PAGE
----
As Chris, and others have noted, it is pretty easy to be in favor of top-down, centrally-imposed standards if you are either in a position to control which values are reflected in the standards, or if your values happen to be reflected in the standards being imposed on others.
Now centrally-imposed standards supporters are generally quick to point out that local districts and teachers will still be in control of choosing how the teaching/learning gets done, the methods and materials to be used.
There is the obvious problem, of course, that you are free to choose from the limited number of options that conform to the grade level expectations outlined in the standards. Perfectly good methods or materials might be excluded or discouraged simply because they meet the standards in the “wrong” grade level.
Consider California’s decision not to adopt Singapore Primary Mathematics, because it doesn’t fully align with California Common Core mathematics standards.
Just because Iowa’s state board of education doesn’t approve materials in the same way, doesn’t mean a similar thing couldn’t happen here. EdWeek reported on efforts of Achieve to create and train teachers to use EQuIP, a system of rubrics for determining whether instructional materials are fully aligned to the Common Core, and notes that other nonprofit and for-profit groups are “wading into the alignment-evaluation business.”
See also the following, from a School Library Journal article, “What’s Happening at the Core?“:
Regarding publishing oversight, [Jay] Diskey[, executive director of the PreK–12 Learning Group Division of the Association of American Publishers,] says, “There has been talk over the past three or four years about having a national advisory group that would review or vet publishers’ materials. Nothing has gotten off the ground.” The reason? “At a time when there is significant backlash, it might be politically difficult to get something like that up and running.”
Of course, the choice of instructional methods and materials can also be, if not expressly limited, than at least nudged by writers of the standardized assessments items and scoring rubrics. It seems to me that Smarter Balanced Assessments mathematics response items favor a reform math approach to “explaining your work” or consider From Failing to Killing Writing: Computer-Based Grading.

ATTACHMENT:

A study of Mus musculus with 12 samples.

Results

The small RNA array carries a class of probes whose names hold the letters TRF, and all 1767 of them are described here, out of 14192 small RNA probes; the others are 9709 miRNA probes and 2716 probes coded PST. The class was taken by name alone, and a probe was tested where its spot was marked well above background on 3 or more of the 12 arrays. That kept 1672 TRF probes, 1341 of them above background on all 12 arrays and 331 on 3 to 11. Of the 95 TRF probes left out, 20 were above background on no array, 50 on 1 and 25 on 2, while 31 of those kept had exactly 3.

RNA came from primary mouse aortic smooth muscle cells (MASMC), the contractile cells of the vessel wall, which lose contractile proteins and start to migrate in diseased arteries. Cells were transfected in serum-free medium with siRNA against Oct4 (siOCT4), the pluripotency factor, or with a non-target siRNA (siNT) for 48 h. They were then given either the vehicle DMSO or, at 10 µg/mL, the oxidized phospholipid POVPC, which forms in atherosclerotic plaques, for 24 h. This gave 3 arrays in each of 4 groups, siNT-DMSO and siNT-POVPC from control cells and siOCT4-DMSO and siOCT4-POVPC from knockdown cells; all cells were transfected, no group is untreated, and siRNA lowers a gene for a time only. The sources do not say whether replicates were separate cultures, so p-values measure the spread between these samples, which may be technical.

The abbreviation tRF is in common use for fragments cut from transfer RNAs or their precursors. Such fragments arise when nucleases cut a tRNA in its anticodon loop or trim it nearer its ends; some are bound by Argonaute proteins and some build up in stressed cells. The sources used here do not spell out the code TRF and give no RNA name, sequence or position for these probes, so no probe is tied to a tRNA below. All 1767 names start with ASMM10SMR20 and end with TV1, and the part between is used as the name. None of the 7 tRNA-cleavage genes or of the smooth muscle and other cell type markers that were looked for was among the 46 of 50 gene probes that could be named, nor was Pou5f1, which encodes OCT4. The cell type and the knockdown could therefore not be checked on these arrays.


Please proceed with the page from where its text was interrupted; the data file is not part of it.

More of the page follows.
Finally, I will note that I’m not certain that it is exactly true that “the Iowa Core sets high expectations but doesn’t dictate how to teach.” See, for example, this paragraph from page two the Iowa Core science standards:
The Iowa Core Curriculum for Science emphasizes student inquiry. The depth of understanding required of our students is not possible with lectures, readings, cookbook labs, and plug-and-chug problem solving. Students must be actively investigating: designing experiments, observing, questioning, exploring, making and testing hypotheses, making and comparing predictions, evaluating data, and communicating and defending conclusions. A district’s science curriculum cannot align to the Iowa Core Curriculum for Science without including inquiry as a guaranteed and viable, testable component in every science course.The science instruction should be engaging and relevant for the students. Strong connections between the lessons and the students’ daily lives must be made. This core curriculum reflects high standards of science achievement for ALL students and not just those who have traditionally succeeded in science classes. [emphasis in the original]
It is difficult to read this in any way other than a direct attack on traditional high school science teaching methods and materials. An attack that I can’t entirely comprehend, by the way. I attended a college-prep high school, and frankly my science classes were taught by lecture and labs, plus reading the textbooks and solving relevant math problems (as were my college courses, for that matter). We actively completed labs and wrote lab reports, which I think involves much of what is described here–observing, predicting, evaluating data, and all that–and yet seems likely to fall short on the “designing criteria”, even though I found myself well prepared for my first year college chemistry courses.
While I was drafting this, Chris weighed in on a similar theme: if national standards are good, what’s wrong with a national curriculum? And with that, I will have to tip my hat to Chris for keeping up with the grueling schedule of posting one post an hour and call it a day.